There is a great irony lurking behind the highly secretive doors of India’s atomic energy establishment.
Even without the Indo-US nuclear deal, at least 40 million more homes could have been lit up for an entire year in power-starved India if the Department of Atomic Energy (DAE) had mined and used the extensive uranium reserves lying untapped for years.
<b1>On Friday, the Comptroller and Auditor-General of India hammered home that point in a damning audit report that peels off the DAE’s sheen. It faulted the all-powerful department for the fuel crisis that is causing India’s nuclear reactors to run at half or less of their capacity.
This “denied the nation the full benefits of clean nuclear energy to the extent of 21,845 million units corresponding to Rs 5,986 cores,” the report said. One person uses an average of 553 units of electricity in India every year.
“This (estimation of financial losses) can only be a theoretical exercise which leads to misleading conclusions,” the DAE told the auditor in response. It accepted the facts stated by CAG but added: “Due to (the) mismatch in demand and supply of fuel for (reactors) since 2003-4, these were being operated at lower levels to conserve fuel.”
But the DAE itself is responsible for that mismatch.
On Friday, DAE chief Anil Kakodkar’s office did not respond to HT’s queries on the issue, sent through fax and e-mail.
HT first reported in June, 2008 on the country’s Great Uranium Sham: As India went knocking on the doors of the US and other countries for uranium to create energy for its economy — for which PM Manmohan Singh risked his government — a bitter truth hidden from the nation was also unravelling.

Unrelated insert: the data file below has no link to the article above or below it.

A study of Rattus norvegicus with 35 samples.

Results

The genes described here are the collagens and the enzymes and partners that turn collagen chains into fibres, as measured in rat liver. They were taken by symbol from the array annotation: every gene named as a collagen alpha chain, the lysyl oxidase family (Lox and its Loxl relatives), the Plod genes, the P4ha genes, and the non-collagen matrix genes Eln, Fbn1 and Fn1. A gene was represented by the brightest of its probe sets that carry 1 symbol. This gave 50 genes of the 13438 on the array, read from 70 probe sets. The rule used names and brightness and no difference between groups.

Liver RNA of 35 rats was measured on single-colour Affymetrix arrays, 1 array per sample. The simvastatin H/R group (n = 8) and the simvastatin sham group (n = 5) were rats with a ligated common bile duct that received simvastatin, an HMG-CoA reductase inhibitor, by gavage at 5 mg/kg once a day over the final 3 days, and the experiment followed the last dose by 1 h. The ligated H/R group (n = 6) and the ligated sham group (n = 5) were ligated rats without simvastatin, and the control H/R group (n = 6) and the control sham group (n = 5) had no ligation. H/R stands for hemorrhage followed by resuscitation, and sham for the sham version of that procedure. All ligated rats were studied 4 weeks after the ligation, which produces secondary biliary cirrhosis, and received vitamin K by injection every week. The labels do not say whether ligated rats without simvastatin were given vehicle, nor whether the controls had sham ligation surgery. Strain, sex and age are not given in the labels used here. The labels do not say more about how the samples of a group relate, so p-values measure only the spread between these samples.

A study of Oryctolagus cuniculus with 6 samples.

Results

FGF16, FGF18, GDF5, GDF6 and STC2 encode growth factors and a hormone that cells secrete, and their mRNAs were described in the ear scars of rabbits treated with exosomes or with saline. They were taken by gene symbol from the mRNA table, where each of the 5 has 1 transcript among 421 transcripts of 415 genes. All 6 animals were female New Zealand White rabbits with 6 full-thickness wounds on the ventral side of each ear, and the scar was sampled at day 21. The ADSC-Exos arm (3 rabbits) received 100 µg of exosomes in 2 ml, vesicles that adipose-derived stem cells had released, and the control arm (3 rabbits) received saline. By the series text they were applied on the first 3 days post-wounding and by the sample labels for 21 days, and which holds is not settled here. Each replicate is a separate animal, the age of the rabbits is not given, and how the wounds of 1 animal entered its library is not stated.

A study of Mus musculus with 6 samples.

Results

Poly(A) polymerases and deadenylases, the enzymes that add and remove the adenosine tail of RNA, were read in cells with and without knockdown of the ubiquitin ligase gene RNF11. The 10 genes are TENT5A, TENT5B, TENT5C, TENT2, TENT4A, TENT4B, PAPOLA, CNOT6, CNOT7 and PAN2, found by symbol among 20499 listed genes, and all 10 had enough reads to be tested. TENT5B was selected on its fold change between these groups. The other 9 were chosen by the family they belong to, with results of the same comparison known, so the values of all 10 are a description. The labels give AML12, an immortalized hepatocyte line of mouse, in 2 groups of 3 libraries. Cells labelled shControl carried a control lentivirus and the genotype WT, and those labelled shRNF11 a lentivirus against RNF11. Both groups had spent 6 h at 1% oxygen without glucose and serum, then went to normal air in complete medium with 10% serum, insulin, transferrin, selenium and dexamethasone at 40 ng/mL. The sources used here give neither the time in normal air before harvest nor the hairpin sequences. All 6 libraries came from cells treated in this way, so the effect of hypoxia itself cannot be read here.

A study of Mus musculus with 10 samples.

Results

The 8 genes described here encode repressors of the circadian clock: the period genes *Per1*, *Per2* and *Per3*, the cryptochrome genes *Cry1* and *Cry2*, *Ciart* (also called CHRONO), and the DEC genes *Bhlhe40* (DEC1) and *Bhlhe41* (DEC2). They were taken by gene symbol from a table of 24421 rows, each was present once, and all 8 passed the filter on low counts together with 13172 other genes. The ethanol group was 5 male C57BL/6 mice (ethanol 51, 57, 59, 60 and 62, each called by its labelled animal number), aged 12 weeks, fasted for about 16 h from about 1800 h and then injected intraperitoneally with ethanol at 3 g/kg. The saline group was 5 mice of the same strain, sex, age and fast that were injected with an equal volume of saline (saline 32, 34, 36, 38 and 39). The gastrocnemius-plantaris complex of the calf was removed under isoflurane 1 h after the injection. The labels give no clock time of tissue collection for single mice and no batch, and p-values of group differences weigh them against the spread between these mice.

India has long been sitting on much of the uranium it needs – enough to produce 10,000 mw of electricity for the 40-year life span of its reactors. It was just not excavated.
The ore was buried under the surface — over 1 lakh tonnes across Jharkhand, Meghalaya, Andhra Pradesh, Rajasthan and Tamil Nadu – with tens of thousands of tonnes of new deposits already identified elsewhere in the country.
India’s nuclear bosses also knew since 2000 that a massive energy crisis was coming the country’s way.
But the DAE did little to mine the uranium, depriving millions of cheap electricity. Worse, the Uranium Corporation of India Ltd did not use a lot of the Uranium it had mined. And the DAE misled the Cabinet by getting new reactors approved when it knew that there was no fuel to run them, the CAG said.